Chemical peels achieve smoother, less wrinkled skin and alleviate imperfections, such as splotchy coloration and sun spots. Chemical peels are ideal for removing sun damage due to long-term sun exposure in combination with what is called photo aging or aging due to the sun’s ultraviolet A and B rays. It also achieves smoother skin with removal of fine wrinkles, to even medium-depth wrinkles. Peels can be performed on their own or in combination with other facial plastic surgery procedures. Dr. Perkins often performs chemical peels during facelift and blepharoplasty (eyelid) procedures to enhance the patient’s overall surgical results, as the skin will look as youthful as the newly rejuvenated eyes, neck and jawline. State-of-the-art chemical peeling involves choosing the proper chemical peel agent for the needs of each individual patient in the area of the face, neck or chest that most needs to be treated. It is safe and effective when directed by an experienced facial plastic surgeon.
Many surface or superficial peels can be done by skin care specialists, or estheticians. At Dr. Perkin’s office, we have a medical spa (Spa 170 West) with trained licensed estheticians performing light chemical peels and other treatments to the skin’s surface to improve the texture and discolorations. The estheticians use light settings for laser that, with multiple treatments, can improve some fine line wrinkling. In addition, red colors and brown spots can be treated with the same machine at a different setting called Intense Pulsed Light.
These procedures can be done under either topical numbing anesthesia or without the need for anesthetic and help mild degrees of aging skin and discolorations. However, when one is not achieving their desired results from these more superficial treatments, Dr. Perkins would recommend a medium-depth chemical peel, sometimes combining this with laser resurfacing or dermabrasion to get the best desired effect in each and every area of the face, neck and chest.
Whenever Dr. Perkins performs one of these medium-depth procedures or a deeper treatment, they require at least monitored sedation, but most commonly anesthesia administered by an anesthesiologist for a short period of time while the procedure is being performed.
What’s Involved In a Chemical Peel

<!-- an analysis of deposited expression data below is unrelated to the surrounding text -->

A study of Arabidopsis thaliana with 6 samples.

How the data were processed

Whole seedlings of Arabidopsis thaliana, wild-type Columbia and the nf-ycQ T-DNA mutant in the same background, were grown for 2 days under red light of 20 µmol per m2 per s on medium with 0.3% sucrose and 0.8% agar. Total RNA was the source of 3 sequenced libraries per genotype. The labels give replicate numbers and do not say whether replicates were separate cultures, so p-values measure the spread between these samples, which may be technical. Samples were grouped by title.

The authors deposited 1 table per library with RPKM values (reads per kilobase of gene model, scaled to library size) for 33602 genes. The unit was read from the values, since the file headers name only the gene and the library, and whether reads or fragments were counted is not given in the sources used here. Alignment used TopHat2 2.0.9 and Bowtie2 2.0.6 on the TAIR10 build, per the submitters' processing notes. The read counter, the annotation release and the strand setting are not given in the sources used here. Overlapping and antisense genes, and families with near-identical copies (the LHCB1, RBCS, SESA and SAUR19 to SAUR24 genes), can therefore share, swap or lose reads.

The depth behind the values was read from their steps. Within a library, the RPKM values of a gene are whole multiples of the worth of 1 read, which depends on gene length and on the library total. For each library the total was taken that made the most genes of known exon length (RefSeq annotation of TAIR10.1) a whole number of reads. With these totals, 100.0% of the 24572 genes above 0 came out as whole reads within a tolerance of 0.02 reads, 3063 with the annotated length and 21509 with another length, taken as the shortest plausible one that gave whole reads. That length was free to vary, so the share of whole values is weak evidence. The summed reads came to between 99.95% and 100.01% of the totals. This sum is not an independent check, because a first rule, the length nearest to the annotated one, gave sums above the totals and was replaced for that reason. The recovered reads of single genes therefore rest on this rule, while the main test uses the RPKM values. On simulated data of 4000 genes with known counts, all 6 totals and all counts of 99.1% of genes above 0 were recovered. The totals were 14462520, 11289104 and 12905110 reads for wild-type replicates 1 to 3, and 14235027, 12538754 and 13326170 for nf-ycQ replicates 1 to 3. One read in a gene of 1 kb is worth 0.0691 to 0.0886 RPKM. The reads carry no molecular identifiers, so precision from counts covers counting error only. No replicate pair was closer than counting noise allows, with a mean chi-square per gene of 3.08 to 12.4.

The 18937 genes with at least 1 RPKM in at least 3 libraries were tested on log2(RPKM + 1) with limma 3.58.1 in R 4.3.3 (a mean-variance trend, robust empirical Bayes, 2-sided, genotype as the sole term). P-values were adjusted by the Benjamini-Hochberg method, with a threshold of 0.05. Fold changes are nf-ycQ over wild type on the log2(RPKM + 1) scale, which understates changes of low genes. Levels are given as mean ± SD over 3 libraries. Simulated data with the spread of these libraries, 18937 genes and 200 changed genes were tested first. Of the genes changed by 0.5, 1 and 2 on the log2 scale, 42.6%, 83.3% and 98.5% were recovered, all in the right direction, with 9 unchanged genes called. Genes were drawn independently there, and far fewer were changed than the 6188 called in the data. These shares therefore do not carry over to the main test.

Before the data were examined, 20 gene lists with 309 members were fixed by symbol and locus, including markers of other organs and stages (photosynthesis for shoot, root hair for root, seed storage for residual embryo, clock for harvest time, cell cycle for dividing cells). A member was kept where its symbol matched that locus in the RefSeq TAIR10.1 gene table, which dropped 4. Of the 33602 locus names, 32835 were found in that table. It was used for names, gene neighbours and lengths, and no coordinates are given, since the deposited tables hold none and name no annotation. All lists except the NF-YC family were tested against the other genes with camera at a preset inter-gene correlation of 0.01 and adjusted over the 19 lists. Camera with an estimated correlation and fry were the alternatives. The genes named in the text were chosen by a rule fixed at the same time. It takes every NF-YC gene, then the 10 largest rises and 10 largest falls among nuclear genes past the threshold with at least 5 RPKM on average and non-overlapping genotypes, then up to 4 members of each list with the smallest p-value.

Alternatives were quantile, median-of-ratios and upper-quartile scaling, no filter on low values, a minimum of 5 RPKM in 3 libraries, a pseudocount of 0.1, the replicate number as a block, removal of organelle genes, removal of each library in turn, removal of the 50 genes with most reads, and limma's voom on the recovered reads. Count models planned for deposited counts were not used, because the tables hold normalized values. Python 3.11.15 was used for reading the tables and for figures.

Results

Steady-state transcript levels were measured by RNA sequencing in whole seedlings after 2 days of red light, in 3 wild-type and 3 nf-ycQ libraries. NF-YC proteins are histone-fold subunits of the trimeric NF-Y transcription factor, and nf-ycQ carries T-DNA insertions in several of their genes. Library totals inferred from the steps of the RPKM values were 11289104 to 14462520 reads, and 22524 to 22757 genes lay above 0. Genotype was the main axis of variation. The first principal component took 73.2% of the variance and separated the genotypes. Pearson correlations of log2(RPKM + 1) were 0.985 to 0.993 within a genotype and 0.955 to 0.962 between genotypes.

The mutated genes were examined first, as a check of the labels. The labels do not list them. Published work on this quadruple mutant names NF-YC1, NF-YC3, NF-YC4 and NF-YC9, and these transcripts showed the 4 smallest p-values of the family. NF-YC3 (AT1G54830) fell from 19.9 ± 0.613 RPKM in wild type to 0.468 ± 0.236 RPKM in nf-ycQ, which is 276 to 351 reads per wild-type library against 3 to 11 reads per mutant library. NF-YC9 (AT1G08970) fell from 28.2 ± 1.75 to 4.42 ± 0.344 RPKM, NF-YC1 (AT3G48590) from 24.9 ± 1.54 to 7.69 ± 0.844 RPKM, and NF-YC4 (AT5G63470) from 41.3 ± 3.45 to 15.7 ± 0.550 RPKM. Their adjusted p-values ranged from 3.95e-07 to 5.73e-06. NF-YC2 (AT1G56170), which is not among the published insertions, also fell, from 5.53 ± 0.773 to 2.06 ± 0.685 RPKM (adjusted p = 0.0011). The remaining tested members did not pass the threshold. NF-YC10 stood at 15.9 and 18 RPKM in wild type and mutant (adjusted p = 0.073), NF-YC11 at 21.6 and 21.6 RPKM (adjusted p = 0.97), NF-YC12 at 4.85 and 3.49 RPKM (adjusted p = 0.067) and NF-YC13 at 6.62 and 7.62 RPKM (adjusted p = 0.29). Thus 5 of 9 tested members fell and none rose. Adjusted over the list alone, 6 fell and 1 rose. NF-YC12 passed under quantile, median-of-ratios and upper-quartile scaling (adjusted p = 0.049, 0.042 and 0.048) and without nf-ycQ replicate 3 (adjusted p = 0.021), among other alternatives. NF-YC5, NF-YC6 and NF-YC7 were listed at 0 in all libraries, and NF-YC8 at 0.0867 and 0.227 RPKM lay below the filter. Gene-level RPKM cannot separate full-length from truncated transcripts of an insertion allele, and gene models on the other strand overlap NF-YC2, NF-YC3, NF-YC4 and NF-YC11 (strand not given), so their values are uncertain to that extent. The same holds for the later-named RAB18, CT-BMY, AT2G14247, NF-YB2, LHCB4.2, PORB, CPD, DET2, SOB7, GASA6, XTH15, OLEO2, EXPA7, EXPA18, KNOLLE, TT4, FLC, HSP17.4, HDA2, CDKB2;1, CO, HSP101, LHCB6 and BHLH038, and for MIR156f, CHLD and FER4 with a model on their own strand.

The chemical peel involves the application of a special mixture of chemicals or a chemical to the skin. This is done after specially preparing the skin to remove any soaps or oils. Light, moderate and deeper peels are available and vary in the strength of their chemical mixture. The lighter and superficial-depth peels are performed by our licensed estheticians at Spa 170 West.
Light peels that our estheticians perform often involve the application of glycolic acid or other lighter chemical peeling agents, such as a combination of fruit acids. Our estheticians also perform lighter percentage treatments of a TCA (trichloracetic acid) peel. Dr. Perkins uses a stronger, medium-strength, TCA chemical peel to achieve a more one-time treatment, effect but it does require anesthesia and at least sedation in order to tolerate this. In the past, phenol mixtures were used frequently but, with lasers, they are used less frequently today. Dr. Perkins, however, does still use phenol as the chemical peel agent for certain areas, such as the crow’s feet and wrinkles under the eyes, as an excellent medium level chemical peel.
Phenol and TCA peels are very good for removal of dyschromias or irregular splotchy pigmentation and light to mild wrinkles of the face. Once the upper layer is peeled off, new skin (the epidermis) will heal fairly rapidly. The epidermis is the surface layer of skin. However, underlying the epidermis, is the collagen layer which becomes damaged and wrinkled with time, creating visible surface wrinkles. Even though much of this improvement is seen quite quickly, further collagen tightening and smoothing occurs over a three-to-four-month period of time.
Chemical Peel Down Time
Patient downtime varies by the depth of the peel. Lighter peels will leave the skin pink for a few hours, or even peel lightly and heal within four to five days. However, while deeper peels can have a healing time of several days (a week to a week and-a-half), the results can be significantly more dramatic. Lighter and medium peels can be thought of as a deep sunburn where the top layer of skin peels, “blisters off” in three to five days, leaving a pink, weepy surface. Within the next two to four days after that, fresh new skin is healed over. The deeper peels take between one and two weeks to heal because re-epidermal resurfacing occurs from sweat and oil glands deep within the dermis of the skin, the thickest and deepest layer of the skin.
Chemical peeling is a true skin rejuvenation procedure, removing precancerous skin cells (which is very important) as well as visible wrinkling and sun damage of the face that is already apparent. The results from a chemical peel can be quite dramatic and are long-lasting. Lighter or medium depth peels may be repeated in the future.